Garden Blog

Cilantro Bolting: Grow Cilantro and Let it Bolt!

USDA organic, open pollinated, and non GMO cilantro available at Sow True Seed Asheville NC.

Cilantro Bolting: The Gift to Your Garden

Did you ever try growing cilantro, only to have it bolt quickly and set seed? After all, the rap on cilantro is: “It just bolts.” So what! We say, let it bolt. 

Cilantro is a great friend in the garden especially when we let it do its own thing, harvesting when we need and trusting that it’ll come back the next year. With its charms and its quirks, it’s a must-have near the kitchen door.

Growing Cilantro

Fresh cilantro leaves are so tender and full of flavor. They offer a certain je ne sais quoi to so many dishes that it’s noticeable when it’s missing! The flavor is more nuanced than parsley and while it’s not to everyone’s liking, when you do like it - you love it! Not to mention, cilantro is super easy to grow in the garden.

  • Cilantro can be easily grown from seed and started indoors or sown directly outside. 
  • Cilantro is a cool weather crop that grows especially well in the spring or fall. When grown in warm weather, it will set seed very quickly.
  • Cilantro needs full sun and soil rich in organic matter. Afternoon shade can be helpful to extend the harvest and spring warms up or in early fall. 
  • A regular application of nitrogen-rich, water-soluble fertilizer will help with the production of lucious leaves.

Have you ever heard of slow-bolting cilantro? Extend your season a little bit by trying this variety of cilantro that withstands heat better than its counterpart!

Understanding Cilantro Bolting

As the weather warms up, or if planted on the later side, cilantro can bolt pretty quickly! Because cilantro doesn’t love warm weather, the temperatures rising signal to the plant to set seed and get it over with - in other words, prioritize the survival of the species by spreading its genetics around the garden. While this can be frustrating because it cuts back on that green goodness, it’s actually something to celebrate! 

Cilantro Bolting Tips 

When cilantro bolts it puts out a proliferation of lovely, lacy white flowers. These are as nice as ornamentals, and the seeds, when broadcast in a flower bed will make for an excellent filler, and pollinators love them! 

Watch your cilantro closely as it starts to put out small, round seed heads. If you wait too long, the seed heads will burst and spread the seed all around the garden (which we think is great too). But to take full advantage of cilantro’s second crop, collect the dried seed heads, also known as coriander, and use them in a wide variety of recipes. You can dry out the seeds on newspaper in a dry spot indoors or give them a little time in the dehydrator.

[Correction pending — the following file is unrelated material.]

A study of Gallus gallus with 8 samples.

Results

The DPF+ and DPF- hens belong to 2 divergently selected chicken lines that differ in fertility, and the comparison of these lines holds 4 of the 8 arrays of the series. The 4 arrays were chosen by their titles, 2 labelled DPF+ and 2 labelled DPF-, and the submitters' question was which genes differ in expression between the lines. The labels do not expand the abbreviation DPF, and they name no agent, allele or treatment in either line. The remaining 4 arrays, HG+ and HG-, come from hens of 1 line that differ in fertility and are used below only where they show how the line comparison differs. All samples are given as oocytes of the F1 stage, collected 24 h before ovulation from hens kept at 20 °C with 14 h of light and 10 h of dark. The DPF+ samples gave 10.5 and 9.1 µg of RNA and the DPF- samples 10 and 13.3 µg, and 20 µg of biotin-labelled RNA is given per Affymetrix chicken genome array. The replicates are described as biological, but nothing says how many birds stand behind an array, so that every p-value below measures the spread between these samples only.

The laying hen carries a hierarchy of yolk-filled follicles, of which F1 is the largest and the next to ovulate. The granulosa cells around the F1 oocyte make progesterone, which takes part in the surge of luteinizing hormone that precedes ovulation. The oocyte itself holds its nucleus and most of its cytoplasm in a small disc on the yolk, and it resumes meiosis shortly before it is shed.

Alternatively, let them burst or toss them back into the garden bed! They’ll resprout once the temperatures have cooled off again starting the whole process over. 

Quick Guide to Cilantro Bolting

  • Cilantro is an easy-to-grow cool weather crop that will bolt when temperatures warm up. 
  • It sets beautiful white, lacy flowers that look great in a bouquet before the seed heads develop. 
  • Harvest the seed heads, also known as coriander, just as they’re starting to dry out and before they burst, spreading their seed around the garden. 
  • Dry the seeds indoors on a newspaper or with a short stint in the dehydrator. 
  • Coriander is used in lots of delicious dishes and is a wonderful second crop to cilantro - so celebrate your cilantro bolting! 

Sow True Seed offers multiple varieties of cilantro seeds for your garden whether you plan to grow it for its’ luscious green leaves, gorgeous ornamental flowers or delicious seed heads! Learn to grow and discover new varieties at Sow True Seed.


Article Written by: Hannah Gibbons

About the Author: Hannah Gibbons, an employee at Sow True Seed since 2020, has nearly a decade of experience in the agricultural industry. Their passion for environmental education and regenerative agriculture has been the cornerstone of their work, aimed at making gardening accessible to all.